Check Your Symptoms

Home Treatment

Home treatment for a head injury is only appropriate if there was no loss of consciousness or inability to recall current events (amnesia) after the injury. If either loss of consciousness or amnesia has occurred, check your symptoms to determine when to see your doctor.

Immediately after a head injury:

  • Check for:
    • Seizure.
    • Confusion or not acting normal. Ask the person his or her name, address, age, the date, location, and the name of the president.
    • Severe irritability or wanting to fight.
    • Inability to remember what happened just before or after the injury.
    • Trouble speaking or slurred speech.
    • Dizziness, lightheadedness, or unsteadiness that makes it hard to stand or walk.
    • Symptoms that affect one side of the body more than the other side, such as numbness, weakness, or trouble moving.
    • Loss of vision in one or both eyes, changes in the size or shape of the pupils and the reaction to light or abnormal eye movements, such as jerking motions or the eyes not working together.
    • Vomiting.
    • A severe headache.
    • Abnormally deep sleep, difficulty waking up, or extreme sleepiness.
  • If there is bleeding, apply firm pressure directly over the wound with a clean cloth or bandage for 15 minutes. See how to stop bleeding. If the cut is deep and may have penetrated the skull, emergency treatment is needed.
  • Check for injuries to other parts of the body, especially if the person has fallen. The alarm of seeing a head injury may cause you to overlook other injuries that need attention.
  • Apply ice or cold packs to reduce the swelling. A "goose egg" lump may appear anyway, but ice will help ease the pain.
  • Be sure to follow any home care instructions from your doctor. If you have questions about the instructions, call your doctor.

Minor head injuries

Many minor head injuries that do not involve loss of consciousness or amnesia may be treated at home. A person who has had a head injury should be watched closely for at least 24 hours after the injury. Home treatment can also help relieve swelling and bruising of the skin or scalp and pain caused by a minor head injury.

If a visit to your doctor is not needed immediately:

  • Apply ice or cold packs to reduce the swelling. A "goose egg" lump may appear anyway, but ice will help ease the pain.
  • You may use acetaminophen, such as Tylenol, to relieve a mild headache or pain from the injury.

Watch

  • The injured person should be watched by a responsible adult for the next 24 hours.
    • Callor go to an emergency room immediately if unconsciousness or seizure activity develops.
    • Seek medical care if any new symptoms, such as vomiting, a severe headache, blurred or double vision, or unsteadiness, develop after the injury (postconcussive syndrome).

Rest

  • Rest is the best treatment for a mild concussion. Get plenty of sleep at night, and take rests during the day.
  • If a mild to moderate headache develops, lie down and try to relax your entire body.
  • Take only acetaminophen, such as Tylenol, to relieve a mild headache or pain from the injury. Do not use other nonprescription or prescription medicines for pain without approval from your doctor.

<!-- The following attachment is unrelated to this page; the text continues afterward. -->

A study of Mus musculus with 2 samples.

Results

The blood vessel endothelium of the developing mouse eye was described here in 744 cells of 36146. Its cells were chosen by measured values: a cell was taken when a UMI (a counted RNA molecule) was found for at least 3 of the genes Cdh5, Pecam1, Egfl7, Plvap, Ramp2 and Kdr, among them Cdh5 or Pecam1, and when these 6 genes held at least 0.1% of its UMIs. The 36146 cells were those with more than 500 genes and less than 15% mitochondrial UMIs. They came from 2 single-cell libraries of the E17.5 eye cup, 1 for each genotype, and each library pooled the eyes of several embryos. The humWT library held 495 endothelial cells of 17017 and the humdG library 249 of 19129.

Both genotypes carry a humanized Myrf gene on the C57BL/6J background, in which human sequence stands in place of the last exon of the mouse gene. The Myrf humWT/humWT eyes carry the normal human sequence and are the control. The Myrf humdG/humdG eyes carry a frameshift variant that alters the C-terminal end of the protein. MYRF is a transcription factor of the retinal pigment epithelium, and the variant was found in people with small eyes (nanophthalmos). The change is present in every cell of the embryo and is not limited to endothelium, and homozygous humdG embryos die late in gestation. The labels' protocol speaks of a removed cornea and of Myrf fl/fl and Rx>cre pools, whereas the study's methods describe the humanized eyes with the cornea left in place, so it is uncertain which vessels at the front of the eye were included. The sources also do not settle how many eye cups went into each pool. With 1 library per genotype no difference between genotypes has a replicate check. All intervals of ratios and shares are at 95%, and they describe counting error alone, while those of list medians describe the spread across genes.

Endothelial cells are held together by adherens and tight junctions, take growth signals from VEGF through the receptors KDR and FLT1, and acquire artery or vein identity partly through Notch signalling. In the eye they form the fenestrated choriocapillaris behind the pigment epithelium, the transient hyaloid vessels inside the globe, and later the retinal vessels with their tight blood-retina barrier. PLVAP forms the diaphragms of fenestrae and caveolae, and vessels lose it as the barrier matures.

• Do not drink alcohol or use illegal drugs. Alcohol and illegal drugs can slow your recovery and increase your risk of a second head injury.

If vomiting occurs:

  • Wait 1 hour after the last episode of vomiting before taking liquid.
    • After an hour, drink 4 fl oz (125 mL) of clear liquid every 20 minutes for 1 hour.
    • As you feel better, begin to eat small amounts of clear soups, mild foods, and liquids.
  • Keep eating clear soups, mild foods, and liquids until all symptoms are gone for 12 to 48 hours. Gelatin dessert, dry toast, crackers, and cooked cereal are good choices.

Recovery

  • Return to your normal activities gradually. Don't try to do too much at once.
  • Avoid activities that could lead to another head injury. If your head injury occurred during a sporting event, you should be evaluated and cleared by a doctor before returning to play. For more information, see the topic Concussion.
  • Ask your doctor when it will be safe for you to drive a car or operate equipment, if that is a concern.
  • Take only acetaminophen, such as Tylenol, to relieve a mild headache or pain from the injury. Do not use other nonprescription or prescription medicines for pain unless your doctor tells you to.
  • Do not use alcohol until your doctor tells you that you are well enough to do so. Alcohol and illegal drugs can slow your recovery and increase your risk of a second head injury.

Symptoms to watch for during home treatment

Call your doctor if any of the following occur during home treatment:

  • Bleeding increases.
  • Bruising or discoloring behind the ears or around the eyes develops after a head injury.
  • Other symptoms develop, such as:
    • Seizure.
    • Confusion or not acting normal. Ask the person his or her name, address, and age, the date and location, and the name of the president.
    • Severe irritability or wanting to fight.
    • Inability to remember what happened just before or after the injury.
    • Difficulty speaking or slurred speech.
    • Dizziness, lightheadedness, or unsteadiness that makes it hard to stand or walk.
    • Being unable to move part of the body.
    • Loss of vision in one or both eyes, or changes in the size or shape of the pupils and the reaction to light or abnormal eye movements, such as jerking motions or the eyes not working together.
    • Vomiting.
    • A severe headache.
    • Abnormally deep sleep, difficulty waking up, or extreme sleepiness.
  • Symptoms become more severe or more frequent.